To strengthen the coverage of climate change in Nigeria, the Centre for Journalism Innovation and Development (CJID), in partnership with the Centre for Investigative Journalism (CIJ), organised a training event for Climate Change Media Fellows.
The three-day workshop took place between Aug. 15 and 17 in Lagos, one of the cities most vulnerable to rising sea levels and coastal flooding in Africa.
It provided journalists and researchers with a series of learning programmes to understand climate change science and gain the skills to curate and produce human and data-driven stories.
Climate change journalism is considered an integral part of ensuring a fair low carbon transition and investments in adaptation initiatives to support the most vulnerable, especially in Africa.
“In order for the media to fulfil its role in the drive for climate action, access to quality information and training is critical. Through this fellowship, we aim to improve the skills and capacity of journalists and, more importantly, improve the quality of conversations on climate change in the country.” said the Project Coordinator, Daniel Whyte.
Developing countries such as Nigeria are disproportionately affected by climate change-related extreme weather events despite contributing less to global carbon emissions. The impacts of these severe environmental disasters and trends, such as desert encroachment, erratic rainfall and flooding, are further amplified by existing developmental, security, and economic challenges.
According to the United Nations Intergovernmental Panel on Climate Change (IPCC) report released in the first quarter of the year, between 2010 and 2020, human deaths from extreme events, including floods, droughts and storms, were 15 times higher in very vulnerable regions compared to other parts of the world.
Similar findings have been made regarding temperature rise and other delicate thresholds. The report predicts that “the world faces unavoidable multiple climate hazards over the next two decades with global warming of 1.5°C.”
“Even temporarily exceeding this warming level will result in additional severe impacts, some of which will be irreversible,” it added.
The statement from the CJID/CIJ team acknowledged this. They highlighted the global efforts to cut emissions, stating that, currently, “the world is moving towards limiting global warming to 1.5 degrees through different climate action plans such as reduction in the fossil fuel usage, climate-smart interventions in agriculture, among others”.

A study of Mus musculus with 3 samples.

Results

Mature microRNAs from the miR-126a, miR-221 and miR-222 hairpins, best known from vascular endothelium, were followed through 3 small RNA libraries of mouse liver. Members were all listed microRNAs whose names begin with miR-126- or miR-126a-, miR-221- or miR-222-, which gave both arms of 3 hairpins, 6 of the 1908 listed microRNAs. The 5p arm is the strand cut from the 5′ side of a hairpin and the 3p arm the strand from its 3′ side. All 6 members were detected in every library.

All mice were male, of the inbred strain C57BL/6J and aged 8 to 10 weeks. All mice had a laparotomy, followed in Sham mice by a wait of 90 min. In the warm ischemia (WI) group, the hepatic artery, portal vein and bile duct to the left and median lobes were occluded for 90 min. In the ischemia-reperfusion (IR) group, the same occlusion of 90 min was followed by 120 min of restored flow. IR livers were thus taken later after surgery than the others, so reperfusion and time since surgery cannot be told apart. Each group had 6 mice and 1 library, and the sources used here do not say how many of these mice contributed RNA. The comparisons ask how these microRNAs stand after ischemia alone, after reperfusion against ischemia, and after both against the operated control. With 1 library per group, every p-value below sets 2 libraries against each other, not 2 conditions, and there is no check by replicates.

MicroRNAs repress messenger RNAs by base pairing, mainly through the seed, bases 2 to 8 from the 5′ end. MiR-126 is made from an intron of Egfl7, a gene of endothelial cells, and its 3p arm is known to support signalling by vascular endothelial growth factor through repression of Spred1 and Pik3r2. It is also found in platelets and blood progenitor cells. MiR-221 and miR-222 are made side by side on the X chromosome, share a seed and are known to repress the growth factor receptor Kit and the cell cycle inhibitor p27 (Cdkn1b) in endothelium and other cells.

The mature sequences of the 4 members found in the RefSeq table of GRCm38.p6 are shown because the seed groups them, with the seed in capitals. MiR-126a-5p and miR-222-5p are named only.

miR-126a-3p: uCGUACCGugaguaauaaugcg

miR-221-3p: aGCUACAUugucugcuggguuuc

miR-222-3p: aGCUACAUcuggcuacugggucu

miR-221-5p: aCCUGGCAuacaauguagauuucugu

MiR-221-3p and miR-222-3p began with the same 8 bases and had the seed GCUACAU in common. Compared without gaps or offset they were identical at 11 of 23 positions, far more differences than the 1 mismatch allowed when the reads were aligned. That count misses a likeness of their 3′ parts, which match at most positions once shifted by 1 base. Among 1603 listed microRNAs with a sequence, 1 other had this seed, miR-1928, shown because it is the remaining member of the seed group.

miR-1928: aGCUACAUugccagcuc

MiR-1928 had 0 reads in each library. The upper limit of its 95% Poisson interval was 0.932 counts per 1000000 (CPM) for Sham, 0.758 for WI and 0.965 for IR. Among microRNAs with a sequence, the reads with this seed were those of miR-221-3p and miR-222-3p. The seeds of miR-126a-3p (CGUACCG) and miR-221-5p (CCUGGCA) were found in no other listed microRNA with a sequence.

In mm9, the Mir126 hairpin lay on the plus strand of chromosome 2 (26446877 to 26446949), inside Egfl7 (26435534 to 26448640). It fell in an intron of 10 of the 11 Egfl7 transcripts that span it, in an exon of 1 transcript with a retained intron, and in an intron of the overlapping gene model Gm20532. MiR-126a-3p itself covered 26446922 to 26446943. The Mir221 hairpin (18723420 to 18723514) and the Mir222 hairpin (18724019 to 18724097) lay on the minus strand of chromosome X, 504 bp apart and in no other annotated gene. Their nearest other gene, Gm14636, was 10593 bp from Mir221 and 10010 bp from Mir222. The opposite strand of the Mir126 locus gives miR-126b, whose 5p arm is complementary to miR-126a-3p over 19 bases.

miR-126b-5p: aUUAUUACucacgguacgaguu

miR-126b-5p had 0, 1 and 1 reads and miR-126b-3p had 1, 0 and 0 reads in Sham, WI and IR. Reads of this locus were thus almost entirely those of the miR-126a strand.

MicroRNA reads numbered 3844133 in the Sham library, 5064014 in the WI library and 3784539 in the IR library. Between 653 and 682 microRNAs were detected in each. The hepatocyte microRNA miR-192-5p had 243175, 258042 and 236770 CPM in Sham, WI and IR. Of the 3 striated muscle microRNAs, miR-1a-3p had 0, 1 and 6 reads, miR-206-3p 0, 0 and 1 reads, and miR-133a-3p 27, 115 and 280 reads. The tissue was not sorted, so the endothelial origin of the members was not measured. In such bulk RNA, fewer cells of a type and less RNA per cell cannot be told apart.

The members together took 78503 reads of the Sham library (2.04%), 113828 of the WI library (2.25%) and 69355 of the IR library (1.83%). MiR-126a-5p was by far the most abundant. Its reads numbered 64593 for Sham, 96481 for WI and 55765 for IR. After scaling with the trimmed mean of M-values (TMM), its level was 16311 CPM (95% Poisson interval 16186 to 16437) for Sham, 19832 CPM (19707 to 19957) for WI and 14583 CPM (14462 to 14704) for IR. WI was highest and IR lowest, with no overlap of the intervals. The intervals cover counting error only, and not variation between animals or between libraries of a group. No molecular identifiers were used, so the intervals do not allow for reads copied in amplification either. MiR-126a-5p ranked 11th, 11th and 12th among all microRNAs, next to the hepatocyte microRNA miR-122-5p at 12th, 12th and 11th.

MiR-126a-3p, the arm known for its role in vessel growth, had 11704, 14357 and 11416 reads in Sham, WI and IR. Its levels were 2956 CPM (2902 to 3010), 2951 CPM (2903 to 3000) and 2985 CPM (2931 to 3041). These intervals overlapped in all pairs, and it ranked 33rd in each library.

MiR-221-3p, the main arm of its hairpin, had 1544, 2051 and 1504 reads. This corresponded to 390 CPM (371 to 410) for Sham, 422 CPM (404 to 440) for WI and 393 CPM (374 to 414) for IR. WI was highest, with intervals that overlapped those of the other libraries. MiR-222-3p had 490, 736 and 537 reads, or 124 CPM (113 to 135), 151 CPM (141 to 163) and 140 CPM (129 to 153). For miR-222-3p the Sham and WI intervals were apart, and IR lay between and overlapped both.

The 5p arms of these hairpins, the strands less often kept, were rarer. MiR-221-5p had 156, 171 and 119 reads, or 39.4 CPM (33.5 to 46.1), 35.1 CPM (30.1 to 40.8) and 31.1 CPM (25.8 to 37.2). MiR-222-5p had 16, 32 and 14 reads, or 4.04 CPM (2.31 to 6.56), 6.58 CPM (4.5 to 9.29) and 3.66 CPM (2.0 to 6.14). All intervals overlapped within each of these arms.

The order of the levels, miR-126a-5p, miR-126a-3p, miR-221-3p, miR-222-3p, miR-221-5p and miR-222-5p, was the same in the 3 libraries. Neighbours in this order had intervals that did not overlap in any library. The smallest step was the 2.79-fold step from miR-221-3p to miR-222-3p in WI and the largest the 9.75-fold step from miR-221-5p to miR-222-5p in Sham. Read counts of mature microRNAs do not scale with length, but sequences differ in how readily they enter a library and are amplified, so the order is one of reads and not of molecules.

An important focus of the exercise was around Nigeria’s ability to sustain a reduction in greenhouse gas emissions and make the requisite investment to harness the socio-economic potentials of the energy transition. The media’s role is essential in interrogating the process, particularly after the launched energy transition plan on Wednesday, a vital component of its net zero pathway.
Participants at the training also reviewed other commitments and policies, including the Climate Change Act and Nationally Determined Contribution (NDCs). They discussed the complexity and importance of climate finance due to its key role in determining the ability of the country to carry out mitigation and adaptation projects.
Climate change journalism would be vital for monitoring and reporting climate agreements, such as the 2022 United Nations COP27 negotiations in Egypt, alongside the impact on everyday people who are affected the most.
“We are excited by the quality of journalists and researchers in the fellowship and by their innovative ideas. We can’t wait to see the agenda-setting work they will be doing in the lead up to Africa COP27,” the Executive Director of CJID, Tobi Oluwatola, said.
Participants are expected to receive funding to develop stories and policy reviews.
“Through the training, journalists and researchers will be able to investigate and expose wrongdoing as well as craft meaningful stories on climate change-related issues,” noted CIJ Project Manager Adeolu Adekola.